Divorced With Children Page 2

At Sea — April 2004
By Capt. Bill Pike

Divorced With Children
Part 2: The truth hit me like a sack of fish heads.

Illustration: Joseph Daniel Fiedler
 More of this Feature

• Part 1: Children
• Part 2: Children continued


Given the monetary considerations that had just cropped up as well as the psychological problems that were looming, I should have deferred to my daughter’s wishes right then. But no, not ol’ keep-cruisin’-at-any cost Capt. Bill. Shouting to be heard over the din of the TV, the bleeps of the video game, and the annoying buzz of the earphones, I tried to reason with her, acknowledging the potential for cruelty in young boys but assuring her that “nothing personal was meant.”

“Yeah, right,” she sniffed, as if scenting a bad batch of chicken fingers. Jesse poured a large bag of marbles onto the teak deck. Another form of distraction, apparently.

The real horror show started an hour later. I was on the bridge running the boat in lonely, dispirited silence (except for the distant whirr of rolling marbles and the thrum of electronic media) when a whopping commotion broke out below decks, complete with the vigorous slamming of a door and lots of thunderous pounding. Jerking the throttles back yet again, I returned to the saloon, where my daughter stood with a look on her face strikingly similar to the psychotic visage Betty Davis favored in Whatever Happened to Baby Jane. Jesse had inadvertently locked himself in his cabin, she yelled. And he was pounding on the door, trying to get out. “The brat!” she yelled.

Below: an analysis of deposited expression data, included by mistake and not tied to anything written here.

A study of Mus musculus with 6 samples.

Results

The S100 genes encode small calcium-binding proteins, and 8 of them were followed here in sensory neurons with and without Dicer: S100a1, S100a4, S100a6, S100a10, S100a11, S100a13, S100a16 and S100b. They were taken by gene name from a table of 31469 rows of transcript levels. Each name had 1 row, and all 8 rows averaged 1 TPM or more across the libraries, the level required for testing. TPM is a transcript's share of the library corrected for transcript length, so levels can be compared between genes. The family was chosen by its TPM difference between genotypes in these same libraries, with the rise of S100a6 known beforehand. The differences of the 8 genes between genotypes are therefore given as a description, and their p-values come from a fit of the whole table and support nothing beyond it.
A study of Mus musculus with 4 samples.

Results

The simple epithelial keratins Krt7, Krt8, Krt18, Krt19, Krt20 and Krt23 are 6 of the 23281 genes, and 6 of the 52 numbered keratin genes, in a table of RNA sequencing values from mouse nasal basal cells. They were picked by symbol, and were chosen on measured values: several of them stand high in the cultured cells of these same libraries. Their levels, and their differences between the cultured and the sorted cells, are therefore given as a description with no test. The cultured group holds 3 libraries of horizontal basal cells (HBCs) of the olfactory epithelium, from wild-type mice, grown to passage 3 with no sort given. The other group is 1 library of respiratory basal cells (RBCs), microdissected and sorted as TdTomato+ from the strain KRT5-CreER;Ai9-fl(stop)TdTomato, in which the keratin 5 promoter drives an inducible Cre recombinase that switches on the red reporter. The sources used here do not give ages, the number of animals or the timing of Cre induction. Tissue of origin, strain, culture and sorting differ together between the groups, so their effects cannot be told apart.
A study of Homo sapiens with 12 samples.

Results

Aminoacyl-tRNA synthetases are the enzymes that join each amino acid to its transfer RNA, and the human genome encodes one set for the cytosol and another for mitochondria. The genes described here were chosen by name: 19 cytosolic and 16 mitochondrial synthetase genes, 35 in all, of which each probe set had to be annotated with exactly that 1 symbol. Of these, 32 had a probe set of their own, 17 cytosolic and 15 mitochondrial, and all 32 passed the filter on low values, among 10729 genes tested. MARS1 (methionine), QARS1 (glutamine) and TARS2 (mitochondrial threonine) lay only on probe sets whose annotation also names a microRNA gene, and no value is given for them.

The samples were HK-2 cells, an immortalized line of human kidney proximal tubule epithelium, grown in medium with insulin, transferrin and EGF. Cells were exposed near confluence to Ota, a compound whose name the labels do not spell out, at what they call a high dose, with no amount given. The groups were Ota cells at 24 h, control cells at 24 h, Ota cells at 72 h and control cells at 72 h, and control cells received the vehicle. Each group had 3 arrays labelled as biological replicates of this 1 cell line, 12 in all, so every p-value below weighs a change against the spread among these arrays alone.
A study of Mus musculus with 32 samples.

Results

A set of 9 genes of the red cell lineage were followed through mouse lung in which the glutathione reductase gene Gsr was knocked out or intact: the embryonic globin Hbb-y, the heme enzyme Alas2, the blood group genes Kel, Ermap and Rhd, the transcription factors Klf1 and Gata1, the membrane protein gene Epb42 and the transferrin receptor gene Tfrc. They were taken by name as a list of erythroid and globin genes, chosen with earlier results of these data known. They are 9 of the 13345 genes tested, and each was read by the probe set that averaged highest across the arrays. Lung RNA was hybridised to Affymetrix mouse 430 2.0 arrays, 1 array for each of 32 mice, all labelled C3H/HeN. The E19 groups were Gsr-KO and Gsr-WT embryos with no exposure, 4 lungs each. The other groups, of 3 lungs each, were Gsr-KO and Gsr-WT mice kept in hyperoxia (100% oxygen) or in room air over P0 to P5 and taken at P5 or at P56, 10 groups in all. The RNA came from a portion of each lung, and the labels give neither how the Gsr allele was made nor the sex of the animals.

“Jesse,” I said, trying to remain calm, “turn the little lever under the knob...it opens the door.”

This insight proved worthless. For some reason the lad couldn’t or wouldn’t figure out the mechanism, a development that slowly but surely precipitated an unholy sea change in yours truly. I suffered a parenting setback. In the same tone I was wont to use on deckhands on oceangoing tugs during a crisis, I ordered my daughter topside to maintain a proper lookout, a sensible suggestion that she refused to take. Then, in an identical tone, I ordered my son to open the hatch in the foredeck and climb out, another sensible suggestion, except he claimed to be unable to turn the hatch dogs.

Things went all to hell then. Jesse began pounding on the door with renewed vigor, and Kelley directed a withering gaze at me before breaking into tears and wailing, “I’m not one of those stupid guys you work with on your stupid boats.”

The truth hit me like a sack of fish heads. Mere hours into our summer vacation, and both of my kids hated my guts.

I looked off through the windows at the sparkling waters beyond—the peacefulness of the scene elicited from me the only inspired idea of the day, indeed the only inspired idea of the whole trip.

I opened my toolbox and extracted some tools. Before long, I had the prison door off its hinges.

“Dad,” my son said, walking out a free man, “I wanna go home.”

Sniffling, Kelly seconded the motion.

So we did, immediately. From a normal, stay-at-home father’s perspective, it seemed like the only thing to do.

Previous page > Part 1: Weekend cruising with a couple of kids can be wonderful. Or not. > Page 1, 2

This article originally appeared in the March 2004 issue of Power & Motoryacht magazine.